500About Bedlam

Joe loves Kit. Everyone thinks she’s dead. Joe knows she’s not.

If you lost the love of your life, how far would you go to get them back?

Detective Joe McNeil would do absolutely anything.

When Joe breathes life into a crime scene victim, he discovers what anything really means.

Nell will use whatever is necessary to ensure she survives, including Joe. Is she really a victim or merely the weapon being wielded by a much more cunning foe?

Against the background of a multiple murder investigation, Joe struggles between his love for missing Kit and his growing obsession with the enigmatic Nell. Plunged headlong into a spiraling nightmare of kidnap, murder and betrayal, his relentless search for the truth jeopardizes his career, his sanity and his life.

But for Nell, the risk is even greater..

A haunting tale of obsessive love, ultimate sacrifice and deadly consequences

About B.A. Morton

Born in the North East of England, B.A.Morton writes across a number of genres including crime, romance, horror and historical fiction. After a twenty year civil service career, she and her family escaped the rat race and relocated to the remote beauty of the Northumberland National Park. She now works part time in the village GP surgery and lives in a cottage built on the remains of a medieval crypt. Her debut novel Mrs Jones a fast paced, romantic, crime thriller set in New York, was runner up in the Yeovil Literary Prize 2011, published by Taylor Street Publishing and closely followed by the sequel Molly Brown, and the first in a medieval trilogy Wildewood Revenge. Her latest book Bedlam is a psychological/horror/thriller.

Researching the story

Writing both crime and historical fiction allows me the opportunity to employ a variety of research techniques. In crime writing it’s vital to get the facts right, particularly police procedural terminology and hierarchy but equally important to allow the story room to breathe. I use research to underpin the story, but only if it’s crucial to the plot. I’m fortunate in having a serving Scene of Crime Officer as a valued friend to offer advice re evidential procedures. I also have many books written by professionals within crime related fields, bought after attending seminars at crime festivals. Being an expert in any field isn’t necessary, knowing where to access the information definitely is. The internet is a valuable tool, not only to source up to date information, but you can hop onto Google earth and research your crime scene almost anywhere in the world. My horror, thriller Bedlam begins with the discovery of a particularly gruesome multiple, murder. It was important to understand initial UK murder scene procedure and hierarchy, in order to present it as accurately as possible without the story becoming bogged down in unnecessary detail.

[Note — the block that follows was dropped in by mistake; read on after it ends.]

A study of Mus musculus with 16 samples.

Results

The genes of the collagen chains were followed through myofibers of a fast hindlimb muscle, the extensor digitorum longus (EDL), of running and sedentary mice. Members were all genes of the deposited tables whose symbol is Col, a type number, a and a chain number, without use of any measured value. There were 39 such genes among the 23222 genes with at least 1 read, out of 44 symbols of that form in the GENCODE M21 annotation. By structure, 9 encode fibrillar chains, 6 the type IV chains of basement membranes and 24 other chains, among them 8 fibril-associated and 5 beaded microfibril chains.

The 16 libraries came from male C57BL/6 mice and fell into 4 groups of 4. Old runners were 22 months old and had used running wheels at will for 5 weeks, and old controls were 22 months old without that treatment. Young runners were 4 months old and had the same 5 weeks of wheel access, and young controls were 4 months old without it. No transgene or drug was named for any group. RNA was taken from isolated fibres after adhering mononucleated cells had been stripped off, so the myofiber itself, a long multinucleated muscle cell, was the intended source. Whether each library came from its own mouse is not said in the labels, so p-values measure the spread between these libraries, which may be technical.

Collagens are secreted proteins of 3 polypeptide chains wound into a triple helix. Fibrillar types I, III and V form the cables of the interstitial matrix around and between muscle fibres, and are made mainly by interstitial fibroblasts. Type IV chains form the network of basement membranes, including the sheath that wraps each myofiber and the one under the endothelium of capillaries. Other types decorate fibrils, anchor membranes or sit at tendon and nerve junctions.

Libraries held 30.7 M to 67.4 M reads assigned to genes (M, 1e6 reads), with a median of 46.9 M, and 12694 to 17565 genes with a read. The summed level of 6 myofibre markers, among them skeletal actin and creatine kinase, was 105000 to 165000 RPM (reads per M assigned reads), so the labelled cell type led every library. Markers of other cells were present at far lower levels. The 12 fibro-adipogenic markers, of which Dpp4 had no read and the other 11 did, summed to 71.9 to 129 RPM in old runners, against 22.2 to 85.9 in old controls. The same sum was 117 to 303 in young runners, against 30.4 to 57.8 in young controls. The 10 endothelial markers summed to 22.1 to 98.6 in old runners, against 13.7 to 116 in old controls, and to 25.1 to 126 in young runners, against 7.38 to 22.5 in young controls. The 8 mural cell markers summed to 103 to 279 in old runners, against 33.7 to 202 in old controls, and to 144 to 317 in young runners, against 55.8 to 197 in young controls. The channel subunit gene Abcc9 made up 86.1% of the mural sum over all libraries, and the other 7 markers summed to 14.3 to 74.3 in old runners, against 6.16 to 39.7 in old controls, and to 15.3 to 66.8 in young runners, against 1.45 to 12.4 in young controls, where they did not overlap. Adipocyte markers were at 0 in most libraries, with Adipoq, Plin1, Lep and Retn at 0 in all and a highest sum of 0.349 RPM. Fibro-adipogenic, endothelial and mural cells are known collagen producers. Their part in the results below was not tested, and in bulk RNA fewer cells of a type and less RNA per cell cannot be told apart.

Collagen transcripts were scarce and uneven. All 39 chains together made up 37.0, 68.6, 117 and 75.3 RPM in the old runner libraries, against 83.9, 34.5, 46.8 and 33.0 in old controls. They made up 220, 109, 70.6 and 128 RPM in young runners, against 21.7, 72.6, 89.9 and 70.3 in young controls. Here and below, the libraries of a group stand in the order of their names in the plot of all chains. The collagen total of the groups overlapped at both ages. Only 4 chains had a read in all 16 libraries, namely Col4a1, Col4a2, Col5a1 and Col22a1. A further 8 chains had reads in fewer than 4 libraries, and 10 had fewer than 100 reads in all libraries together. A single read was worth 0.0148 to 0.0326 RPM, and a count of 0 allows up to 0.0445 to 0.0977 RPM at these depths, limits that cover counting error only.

My research for my medieval trilogy The Wildewood Chronicles is slightly different. I have an advantage in that I live in an area steeped in history and my own home is built on the foundations of a medieval chapel and crypt. Research in this field is definitely a labor of love. I still use the internet, but there’s also a lot of footwork, visiting sites of interest and lots of reading. It’s not just about the facts, the historical events; you also have to capture the feel of the period, the language, culture and behaviors. And you have to do it all with a careful hand so that the story, that wonderful creation, isn’t swamped by historical data. In the case of my historical novels I create a research document, a timeline to underpin the plot. A skeleton if you like which supports the muscle and flesh of the story. Once it’s in place, I’m quite ruthless in removing all but the absolutely necessary. It’s a fine balance. The amount of research shouldn’t be obvious to the reader, it should in my opinion, be seamless to the story.

This giveaway is international

For a chance to win one of five mobi copies of Bedlam and one paperback copy of Bedlam

The winner will be announced at the end of the tour.